Grazing management

Livestock can be used as one of many practical tools to help control mouse populations on your property. Reducing food sources and habitat through effective grazing management in cropping and pasture paddocks can make it much harder for mice populations to rapidly increase.

Grazing stubbles

Grazing stubble not only provides valuable nutrition for livestock, but by reducing stubble and removing spilt grain from paddocks, you are also removing food sources for mice and making environmental conditions less favourable for breeding.

Grazing pastures

While mice are generally seen in cropping paddocks, they can still be found in pasture, particularly over winter, where they have ample feed and habitat. As temperatures warm up, they can then move back into cropping paddocks.

Food and habitat can be managed in pasture to some extent, but it is important to make sure there is no negative effects on the land and your livestock.

Which paddocks to graze?

Firstly, you need to decide which paddocks are the highest priority. Paddocks bordering cropping paddocks (or hay and grain storage) should be considered a high priority. Have a look at the amount of cover from dry grass and the amount of annual pasture that is coming through. In some cases, the dry grass may be inhibiting annuals from germinating. Also look for seed and seed heads both on the ground and on standing grass.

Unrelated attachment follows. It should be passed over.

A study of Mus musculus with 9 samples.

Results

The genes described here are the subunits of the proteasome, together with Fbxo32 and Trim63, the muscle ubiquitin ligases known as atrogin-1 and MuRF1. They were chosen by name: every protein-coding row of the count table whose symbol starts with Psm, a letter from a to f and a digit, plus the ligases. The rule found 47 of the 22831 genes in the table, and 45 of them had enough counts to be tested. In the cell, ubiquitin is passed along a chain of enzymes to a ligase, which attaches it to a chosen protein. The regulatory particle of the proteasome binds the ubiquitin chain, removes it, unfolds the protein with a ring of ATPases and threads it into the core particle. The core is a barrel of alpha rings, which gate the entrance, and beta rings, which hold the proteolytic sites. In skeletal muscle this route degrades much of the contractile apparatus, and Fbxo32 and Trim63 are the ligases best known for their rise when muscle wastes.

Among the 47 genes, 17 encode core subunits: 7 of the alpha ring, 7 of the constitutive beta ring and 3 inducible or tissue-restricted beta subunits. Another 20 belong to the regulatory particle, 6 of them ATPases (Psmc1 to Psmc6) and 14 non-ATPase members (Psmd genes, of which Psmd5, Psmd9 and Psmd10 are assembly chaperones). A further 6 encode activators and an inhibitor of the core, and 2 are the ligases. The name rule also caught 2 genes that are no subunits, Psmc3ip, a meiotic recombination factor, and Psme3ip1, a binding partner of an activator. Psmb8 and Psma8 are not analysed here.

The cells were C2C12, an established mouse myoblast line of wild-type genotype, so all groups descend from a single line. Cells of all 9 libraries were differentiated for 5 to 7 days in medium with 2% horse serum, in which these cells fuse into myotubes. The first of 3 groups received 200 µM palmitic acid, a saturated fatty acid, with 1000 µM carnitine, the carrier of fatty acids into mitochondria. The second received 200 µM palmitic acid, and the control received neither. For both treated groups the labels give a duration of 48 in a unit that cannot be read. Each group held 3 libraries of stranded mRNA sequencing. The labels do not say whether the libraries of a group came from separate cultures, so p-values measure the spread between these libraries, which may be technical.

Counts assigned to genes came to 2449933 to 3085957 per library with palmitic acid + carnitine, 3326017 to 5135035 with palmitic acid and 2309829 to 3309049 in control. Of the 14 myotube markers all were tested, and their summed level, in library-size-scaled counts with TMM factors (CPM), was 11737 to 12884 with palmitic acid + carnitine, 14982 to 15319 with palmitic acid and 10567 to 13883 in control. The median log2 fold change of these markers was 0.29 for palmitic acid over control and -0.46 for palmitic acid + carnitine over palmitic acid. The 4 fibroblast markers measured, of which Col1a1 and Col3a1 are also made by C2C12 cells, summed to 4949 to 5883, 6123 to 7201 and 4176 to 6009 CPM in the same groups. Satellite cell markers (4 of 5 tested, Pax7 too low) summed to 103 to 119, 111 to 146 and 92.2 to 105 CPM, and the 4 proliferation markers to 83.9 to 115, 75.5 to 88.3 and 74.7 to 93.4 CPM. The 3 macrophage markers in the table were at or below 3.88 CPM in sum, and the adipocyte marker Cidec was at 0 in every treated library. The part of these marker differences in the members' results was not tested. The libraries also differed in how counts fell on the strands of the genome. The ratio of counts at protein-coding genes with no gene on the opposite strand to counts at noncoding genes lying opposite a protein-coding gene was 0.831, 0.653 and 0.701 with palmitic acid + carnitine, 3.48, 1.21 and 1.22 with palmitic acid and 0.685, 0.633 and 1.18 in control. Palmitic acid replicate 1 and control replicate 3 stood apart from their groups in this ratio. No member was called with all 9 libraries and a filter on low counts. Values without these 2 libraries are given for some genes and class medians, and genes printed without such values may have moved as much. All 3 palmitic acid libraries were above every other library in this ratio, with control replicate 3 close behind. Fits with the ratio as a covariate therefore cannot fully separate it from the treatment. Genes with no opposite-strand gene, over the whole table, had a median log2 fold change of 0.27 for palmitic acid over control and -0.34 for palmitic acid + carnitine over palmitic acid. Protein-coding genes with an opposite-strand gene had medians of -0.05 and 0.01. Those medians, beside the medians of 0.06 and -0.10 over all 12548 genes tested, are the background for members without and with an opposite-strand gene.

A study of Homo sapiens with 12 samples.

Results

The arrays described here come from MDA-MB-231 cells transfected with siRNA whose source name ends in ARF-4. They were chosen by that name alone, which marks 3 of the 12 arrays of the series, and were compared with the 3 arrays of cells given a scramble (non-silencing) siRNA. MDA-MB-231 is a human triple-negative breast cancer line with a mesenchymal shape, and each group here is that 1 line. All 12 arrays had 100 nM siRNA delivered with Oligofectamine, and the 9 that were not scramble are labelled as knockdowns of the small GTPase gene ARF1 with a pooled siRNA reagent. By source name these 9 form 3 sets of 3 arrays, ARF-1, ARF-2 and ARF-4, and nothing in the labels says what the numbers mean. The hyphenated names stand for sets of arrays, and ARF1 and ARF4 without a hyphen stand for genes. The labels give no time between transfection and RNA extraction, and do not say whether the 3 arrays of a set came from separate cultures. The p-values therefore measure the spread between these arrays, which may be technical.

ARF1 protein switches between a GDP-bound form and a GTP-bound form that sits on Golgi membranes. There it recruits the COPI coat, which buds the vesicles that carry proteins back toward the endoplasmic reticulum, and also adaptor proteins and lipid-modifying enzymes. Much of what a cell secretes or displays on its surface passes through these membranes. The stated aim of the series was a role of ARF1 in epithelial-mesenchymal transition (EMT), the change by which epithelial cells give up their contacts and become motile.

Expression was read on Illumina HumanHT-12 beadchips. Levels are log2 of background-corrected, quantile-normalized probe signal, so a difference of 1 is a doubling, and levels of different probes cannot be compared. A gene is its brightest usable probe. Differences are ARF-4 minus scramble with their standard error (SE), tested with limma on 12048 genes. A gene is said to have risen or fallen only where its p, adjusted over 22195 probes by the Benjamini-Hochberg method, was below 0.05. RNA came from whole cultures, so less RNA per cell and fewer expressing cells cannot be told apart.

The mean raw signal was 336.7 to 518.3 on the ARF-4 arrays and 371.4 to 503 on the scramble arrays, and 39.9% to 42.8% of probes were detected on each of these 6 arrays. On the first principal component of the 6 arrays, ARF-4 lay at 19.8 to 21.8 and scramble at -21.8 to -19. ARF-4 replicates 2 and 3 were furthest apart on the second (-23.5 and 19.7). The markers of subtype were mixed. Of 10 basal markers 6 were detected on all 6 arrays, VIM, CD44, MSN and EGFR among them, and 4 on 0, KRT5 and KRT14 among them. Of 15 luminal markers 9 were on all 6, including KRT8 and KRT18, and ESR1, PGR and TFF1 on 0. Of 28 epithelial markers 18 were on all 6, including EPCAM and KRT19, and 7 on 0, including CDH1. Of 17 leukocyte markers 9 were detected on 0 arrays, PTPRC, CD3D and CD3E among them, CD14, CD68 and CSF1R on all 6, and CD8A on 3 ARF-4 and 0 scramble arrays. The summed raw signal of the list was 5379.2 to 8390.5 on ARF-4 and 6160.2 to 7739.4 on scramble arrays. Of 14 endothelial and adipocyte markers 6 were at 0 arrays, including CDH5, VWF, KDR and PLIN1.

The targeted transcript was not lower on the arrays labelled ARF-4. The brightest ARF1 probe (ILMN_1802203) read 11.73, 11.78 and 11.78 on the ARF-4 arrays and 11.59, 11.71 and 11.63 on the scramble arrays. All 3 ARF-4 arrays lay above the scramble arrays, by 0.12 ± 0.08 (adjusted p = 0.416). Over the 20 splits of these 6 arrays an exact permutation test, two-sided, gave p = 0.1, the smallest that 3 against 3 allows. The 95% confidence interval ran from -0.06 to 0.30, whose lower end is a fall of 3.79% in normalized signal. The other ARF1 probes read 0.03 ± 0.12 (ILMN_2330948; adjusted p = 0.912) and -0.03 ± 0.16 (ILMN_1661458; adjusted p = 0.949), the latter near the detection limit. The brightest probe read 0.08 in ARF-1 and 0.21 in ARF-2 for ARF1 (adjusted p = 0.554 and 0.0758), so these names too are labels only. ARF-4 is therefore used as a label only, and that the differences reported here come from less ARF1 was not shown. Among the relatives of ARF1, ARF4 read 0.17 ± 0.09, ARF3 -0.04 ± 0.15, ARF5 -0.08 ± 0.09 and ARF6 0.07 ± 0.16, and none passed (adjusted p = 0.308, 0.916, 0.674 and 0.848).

Reducing food source

Feed source can be existing seed from summer species or potential seed from annual winter grasses. If your paddock has existing seed and seed heads you may look at grazing the paddock to reduce this seed.

Sheep will do a much better job of picking seed off the ground, but they will generally only pick up seed heads or larger seeds. Cattle may eat standing seed heads but will not graze seeds from the ground.

Reducing habitat

When looking to reduce mouse habitat we are looking to remove tall dry grass, which will reduce the ability of mice to shelter and forage for food safely. Tall dry grass will be poor feed quality and, in most cases, unsuitable for sheep. Cattle may be able to utilise the grass, but feed quality will not be high enough for growing stock.

If feed quality is not high enough, you should consider supplement feeding your livestock.

More information

For more tips and advice, you can read ‘Managing mice in pastures to protect your crops in spring’ by Callen Thompson, Local Land Services Senior Land Services Officer – Mixed Farming.

For more information on grazing management, contact your local ag advisor.